Hospital beds come in all shapes and sizes and they range in prices too. Depending on what you want to include, hospital bed prices can vary massively.
We’ve put together this guide on how much they cost and the different factors that affect the price, so you can budget for your ideal bed.
(Please note that these beds are for use on hospital wards.)
Types of Hospital Beds
When it comes to pricing, there are three main categories of hospital bed – Budget, Mid-range and Specialist.
|Bed Type||Price Range (per bed)
|Specialist||Up to £12,000|
All three offer different benefits, but generally the higher the price range the higher the functionality and specification.
Budget Hospital Beds
For a basic hospital bed with an electric adjustment, but no additional features, you’re looking at prices starting from £1,500 for one bed.
Mid-range Hospital Beds
For hospital beds that are more equipped and a higher spec (like the Interlude range), then the price is around £2,100 depending on the extras that you include.
Hospital bed prices can start from anywhere around £1500. The Interlude Newcare V3 starts at £2100 and includes features such as Trendelenburg and Anti-Trendelenburg tilt and cardiac chair positioning.
The absolute maximum you could pay for a hospital bed is much higher. For example, if you want a bariatric hospital bed with lateral tilt and all the bells and whistles, it could cost up to £12,000.
Do bear in mind though that lots of good hospital bed suppliers will offer discounted rates for bulk orders. Again, the exact specification of your hospital beds will affect the cost.
Learn more about the different types of care beds.
Other factors affecting hospital bed cost
As we know already, prices of hospitals beds vary considerably depending on the model and specification. However, there are several other factors that can also impact cost:
One of the first things you will consider with a hospital bed is the siderails. Siderails range in style and cost depending on what sort you want.
If you’re wanting basic metal concertina bedrails, then these will sometimes be included as standard or will come at a small extra cost.
But for more advanced options like split siderails, the cost will be more. We’ve looked at the benefits of split siderails before, you can read about them here.
Split siderails have a lot of benefits, but they do tend to be more expensive than full-length bedsides.
- Bed Controls
The bed controls will also affect hospital bed prices.
A standard remote control is the most affordable bed control option.
If you want to have a control panel built-in to the siderail (as pictured above), this will be more expensive. The key benefit is patients can reposition their bed themselves. So, this is a great option in wards where enhancing patient independence is a priority. For safety purposes, there is a lock to disable this function if needed.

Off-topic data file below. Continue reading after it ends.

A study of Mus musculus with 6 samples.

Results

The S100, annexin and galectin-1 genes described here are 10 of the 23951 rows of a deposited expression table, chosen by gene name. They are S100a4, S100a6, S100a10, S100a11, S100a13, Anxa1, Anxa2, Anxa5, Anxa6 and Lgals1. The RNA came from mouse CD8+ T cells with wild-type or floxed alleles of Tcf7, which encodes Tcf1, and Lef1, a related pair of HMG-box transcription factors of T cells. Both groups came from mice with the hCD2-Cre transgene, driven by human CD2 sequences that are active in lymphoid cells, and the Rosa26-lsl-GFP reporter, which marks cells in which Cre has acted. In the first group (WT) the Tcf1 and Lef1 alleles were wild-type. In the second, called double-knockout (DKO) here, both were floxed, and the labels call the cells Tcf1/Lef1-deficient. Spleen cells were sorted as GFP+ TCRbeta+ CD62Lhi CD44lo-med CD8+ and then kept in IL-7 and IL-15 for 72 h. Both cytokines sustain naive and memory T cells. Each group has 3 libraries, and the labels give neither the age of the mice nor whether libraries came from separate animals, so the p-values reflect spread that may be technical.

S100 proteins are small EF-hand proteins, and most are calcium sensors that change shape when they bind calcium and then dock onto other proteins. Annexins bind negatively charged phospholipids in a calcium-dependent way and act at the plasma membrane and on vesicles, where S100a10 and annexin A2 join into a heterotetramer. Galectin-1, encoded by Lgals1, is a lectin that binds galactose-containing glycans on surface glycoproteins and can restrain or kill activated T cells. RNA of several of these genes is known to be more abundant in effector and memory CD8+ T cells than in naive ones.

Digital nurse controls will similarly push up the price. However, they are much quicker and easier to use in an emergency. This is a popular choice for ICUs.
3) Non-Standard Sizing
Narrow hospital beds tend to cost more because they are a specialist size. Likewise, shorter hospital beds will also be more expensive.
Please bear in mind that if you are looking at hospital beds in specialist sizes, you will need to make sure your mattresses and the right size for the bed. Always double-check your mattress and bed sizes to save yourself time and hassle!
Integral length adjustment may also cost more on some hospital beds. The Volker range is available with length adjustability, but it doesn’t come as standard.
Volker beds have been hand-picked for their versatility and innovative features that make patient care as easy and straightforward as possible.
Bariatric hospital beds will also be more expensive because they are bigger. Bariatric beds are also reinforced for plus-sized patients to make sure that the bed will provide long-lasting support around the hospital.
4) Hospital Bed Accessories
Any additional accessories you add on to the bed will also increase the price. That includes things like IV poles, brake alarms, and built-in weigh scales.
The option of a fifth wheel (in the centre of the bed) and a linen tray would also push the cost up. However, a central brake is usually included in a hospital bed as standard.
Which features and accessories you need to invest in will depend on where the hospital bed will be used. For example, cardiac chair and Trendelenberg positioning functions are essential for ICU beds. You can learn more about this in our guide to ICU beds vs. ward beds.
In a nutshell, hospital beds can cost anywhere between £1,500 and £12,000 depending on what you want and the specifications. Specialist models will cost more, as will including lots of accessories.
The key is to get in touch with a reputable hospital bed supplier. They will be able to talk through your requirements and recommend beds to suit your patient and staff needs. Of course, they will also go through the prices and what you get for that cost!
Innova have been working with NHS and private hospitals for over a decade. One of our specialists will be more than happy to offer advice and bed recommendations.